Parking lots are one of the most common places where Florida drivers get into an auto accident. This can happen while trying to parallel park and hitting or bumping another vehicle. Even if the damage is minor, there are steps that every driver should take if they’re in a car accident in Florida.
Report the accident to the proper authorities
If the damage from hitting another vehicle in a parking lot adds up to or exceeds $500, then the driver should immediately report the accident to Florida police. Of course, unless you’re a professional inspector or mechanic, you may night know how much the damage will add up to. For this reason, you should report the accident whenever you see visible damage.
If you inspect both cars and find no visible damage, you should still remain on the scene and report the collision to avoid any possible legal ramifications down the road.
Look for the owner
It’s always best to search for and locate the other individual—if they’re not immediately within sight—in order to exchange contact and insurance information. If the owner can’t be located, you should take the following steps:
- Leave a note. If the owner can’t be located, you should leave a note with your name, number, address, name of insurance company and description of what happened. Again, it’s always best to look for the owner first before you do this.
- Take photos. Most cell phones now have built-in cameras drivers can use to take pictures of the scene. Take photos of both cars from multiple angles and with different lighting, as well as of the surrounding area. Remember to include the make, model and license plate of the other vehicle.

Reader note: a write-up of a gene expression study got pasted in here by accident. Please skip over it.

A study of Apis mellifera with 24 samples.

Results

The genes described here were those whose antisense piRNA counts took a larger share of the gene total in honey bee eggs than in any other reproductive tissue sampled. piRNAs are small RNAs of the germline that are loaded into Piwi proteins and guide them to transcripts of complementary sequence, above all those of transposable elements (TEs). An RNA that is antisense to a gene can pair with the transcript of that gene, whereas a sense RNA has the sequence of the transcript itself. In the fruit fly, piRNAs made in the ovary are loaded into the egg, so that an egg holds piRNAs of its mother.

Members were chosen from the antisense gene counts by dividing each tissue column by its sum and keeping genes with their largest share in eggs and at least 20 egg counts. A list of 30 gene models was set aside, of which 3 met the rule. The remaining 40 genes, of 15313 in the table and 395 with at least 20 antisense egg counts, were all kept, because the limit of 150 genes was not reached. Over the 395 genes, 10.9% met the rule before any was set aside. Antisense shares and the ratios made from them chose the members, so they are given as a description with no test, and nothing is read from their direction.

- Find witnesses. If there are any bystanders who may have seen the parking lot accident occur, talk to them and gather their contact information, as well as a description of what they saw happen. This will be useful for your insurance company and if you decide to contact a Florida car accident lawyer.
- Contact the insurance company. Immediately let your insurance know you were involved in a major or minor collision. Even if the other driver never contacts them, failure to notify your insurance company could result in a denied claim down the road.
Failure to take proper action
In the state of Florida, if you hit a parked vehicle and flee the scene, you could be charged with a hit-and-run, which comes with severe penalties, including:
- A $500 fine
- Second-degree misdemeanor charges
- A maximum of 60 days in jail
- Possible revocation of your driver’s license
What if you do everything right and are still charged?
Sometimes drivers do everything right and are still charged with a hit-and-run, so what do you do?
At this point, you should contact an experienced Florida car accident lawyer.
The legal team at Lorenzo & Lorenzo puts our clients first. We will meet with you inside or outside our offices to discuss your concerns and create a roadmap of what you can expect if you decide to file a claim or if you need advice following a parking lot accident.